NWT Weeting Heath has seen a remarkable rise in its rabbit population this spring, an increase which is highly beneficial to many a rare and much-loved species, including the enigmatic stone curlew.
Norfolk Wildlife Trust has been actively encouraging the rabbit population at NWT Weeting Heath as they are an essential part of the ecology of lichen grass heath. They create ground disturbance which is ideal for rare invertebrates, birds and plants. The natural grazing habits keep the grass much shorter than sheep can, providing perfect nesting conditions for the enigmatic stone curlew.
NWT Breckland Field Officer Darrell Stevens said: “Rabbits are not a pest here, but a crucial partner in our conservation work and we love ‘em. They keep the grass short enough to encourage back our beloved stone curlews. The stone curlew is a rare and secretive breeding bird, found only in south and east England, from Wiltshire to Norfolk. They are a ground-nesting bird, and so require open land, for which Weeting Heath is ideal. Seen at close range, they have sandy brown plumage, yellow legs, black-tipped yellow bill and large yellow eyes.”
In previous years the decrease of rabbits has been quite horrific, with many rabbits dying of myxomatosis in 2004. This resulted in a catastrophic die off and a huge population crash, with all the rabbits fighting for food and susceptible to disease. As the grass started to grow back, the rabbit’s population continued to fall. Rabbits will only colonise in short grass, as they like to see around them. This is the same for the stone curlew, who depends on a clear sight line of approx. 400 metres.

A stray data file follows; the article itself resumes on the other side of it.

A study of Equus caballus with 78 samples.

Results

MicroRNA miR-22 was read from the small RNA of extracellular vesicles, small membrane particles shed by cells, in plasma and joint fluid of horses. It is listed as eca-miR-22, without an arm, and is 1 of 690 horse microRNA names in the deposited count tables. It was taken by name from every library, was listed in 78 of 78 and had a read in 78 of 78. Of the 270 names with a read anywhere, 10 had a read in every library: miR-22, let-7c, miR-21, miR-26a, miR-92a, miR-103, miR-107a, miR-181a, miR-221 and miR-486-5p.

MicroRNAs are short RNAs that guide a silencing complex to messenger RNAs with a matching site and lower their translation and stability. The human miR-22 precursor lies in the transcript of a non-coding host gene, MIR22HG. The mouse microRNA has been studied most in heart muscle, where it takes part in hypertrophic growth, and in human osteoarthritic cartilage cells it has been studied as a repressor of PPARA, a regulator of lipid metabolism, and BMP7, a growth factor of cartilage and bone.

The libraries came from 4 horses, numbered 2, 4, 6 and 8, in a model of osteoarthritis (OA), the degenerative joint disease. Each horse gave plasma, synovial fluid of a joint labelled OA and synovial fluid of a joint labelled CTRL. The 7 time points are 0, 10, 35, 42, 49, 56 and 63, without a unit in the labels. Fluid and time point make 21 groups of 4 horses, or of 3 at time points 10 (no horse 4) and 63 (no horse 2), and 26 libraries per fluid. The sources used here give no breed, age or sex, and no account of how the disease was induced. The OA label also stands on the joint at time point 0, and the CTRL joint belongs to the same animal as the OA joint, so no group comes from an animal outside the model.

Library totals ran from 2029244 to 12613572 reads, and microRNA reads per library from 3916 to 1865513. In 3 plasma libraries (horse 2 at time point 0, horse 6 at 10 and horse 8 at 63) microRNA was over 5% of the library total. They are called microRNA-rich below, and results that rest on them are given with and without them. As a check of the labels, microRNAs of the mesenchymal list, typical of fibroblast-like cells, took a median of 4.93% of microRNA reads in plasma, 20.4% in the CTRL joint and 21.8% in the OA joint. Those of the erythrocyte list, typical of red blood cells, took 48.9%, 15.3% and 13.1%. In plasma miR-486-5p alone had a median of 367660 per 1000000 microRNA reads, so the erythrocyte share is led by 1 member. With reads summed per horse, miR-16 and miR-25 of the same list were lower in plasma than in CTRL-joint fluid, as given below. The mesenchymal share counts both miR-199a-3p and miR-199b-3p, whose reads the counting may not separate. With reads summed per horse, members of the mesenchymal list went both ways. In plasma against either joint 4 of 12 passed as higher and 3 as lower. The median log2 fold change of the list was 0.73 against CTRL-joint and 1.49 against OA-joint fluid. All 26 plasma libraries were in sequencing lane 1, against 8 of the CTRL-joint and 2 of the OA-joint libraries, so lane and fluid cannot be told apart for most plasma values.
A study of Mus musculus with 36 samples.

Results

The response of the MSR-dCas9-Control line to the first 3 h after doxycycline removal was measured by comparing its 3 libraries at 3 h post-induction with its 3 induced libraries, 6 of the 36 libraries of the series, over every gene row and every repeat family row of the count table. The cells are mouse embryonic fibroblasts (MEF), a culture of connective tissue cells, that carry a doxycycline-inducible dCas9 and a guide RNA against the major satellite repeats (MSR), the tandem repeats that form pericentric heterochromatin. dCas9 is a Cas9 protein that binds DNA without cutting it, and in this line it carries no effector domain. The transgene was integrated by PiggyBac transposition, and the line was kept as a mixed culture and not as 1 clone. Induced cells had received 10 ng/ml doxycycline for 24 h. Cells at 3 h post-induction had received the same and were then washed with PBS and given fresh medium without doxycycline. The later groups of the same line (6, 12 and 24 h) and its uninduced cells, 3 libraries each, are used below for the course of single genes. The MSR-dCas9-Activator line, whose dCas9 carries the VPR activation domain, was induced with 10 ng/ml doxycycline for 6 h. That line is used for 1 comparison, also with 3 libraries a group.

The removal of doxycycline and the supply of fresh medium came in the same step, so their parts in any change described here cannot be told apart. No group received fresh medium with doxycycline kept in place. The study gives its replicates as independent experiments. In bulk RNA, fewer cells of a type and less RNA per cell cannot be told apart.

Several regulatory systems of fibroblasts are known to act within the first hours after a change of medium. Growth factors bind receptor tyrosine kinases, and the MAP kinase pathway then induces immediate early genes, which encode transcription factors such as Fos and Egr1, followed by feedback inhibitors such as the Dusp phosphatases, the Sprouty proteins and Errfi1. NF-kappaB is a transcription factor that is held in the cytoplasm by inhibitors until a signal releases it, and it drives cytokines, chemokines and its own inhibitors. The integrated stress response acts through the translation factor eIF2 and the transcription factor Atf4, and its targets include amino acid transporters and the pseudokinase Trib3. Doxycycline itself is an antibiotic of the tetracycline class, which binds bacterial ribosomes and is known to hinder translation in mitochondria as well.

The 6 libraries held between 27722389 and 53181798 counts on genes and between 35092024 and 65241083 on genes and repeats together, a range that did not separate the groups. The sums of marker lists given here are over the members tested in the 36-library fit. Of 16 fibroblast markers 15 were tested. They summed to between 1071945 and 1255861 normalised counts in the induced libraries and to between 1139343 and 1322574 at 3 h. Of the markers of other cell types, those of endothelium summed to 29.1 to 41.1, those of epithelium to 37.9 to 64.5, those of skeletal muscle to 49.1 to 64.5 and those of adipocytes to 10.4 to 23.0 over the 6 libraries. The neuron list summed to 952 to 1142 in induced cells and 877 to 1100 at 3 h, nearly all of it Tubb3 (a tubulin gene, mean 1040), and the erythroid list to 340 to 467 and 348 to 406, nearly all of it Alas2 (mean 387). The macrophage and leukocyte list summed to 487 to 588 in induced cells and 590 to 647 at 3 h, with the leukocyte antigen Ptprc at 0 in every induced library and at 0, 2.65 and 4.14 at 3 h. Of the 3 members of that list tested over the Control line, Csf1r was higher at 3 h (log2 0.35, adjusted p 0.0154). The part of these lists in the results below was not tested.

Rabbits were introduced to the Norfolk area by the Normans, and their foraging created the short grassland, rich in mosses and lichens, that we see today. The disturbed ground of NWT Weeting Heath is thoroughly enjoyed by the Stone Curlew’s who rest and breed there, as the short grass heath is alive with thousands of invertebrates, rendering these habitats as ideal feeding grounds.
NWT Weeting Heath was the first nature reserve in the UK to fence rabbits in and use them as a primary management tool. The nature reserve and visitor centre is open now - call 01842 827615 for further information.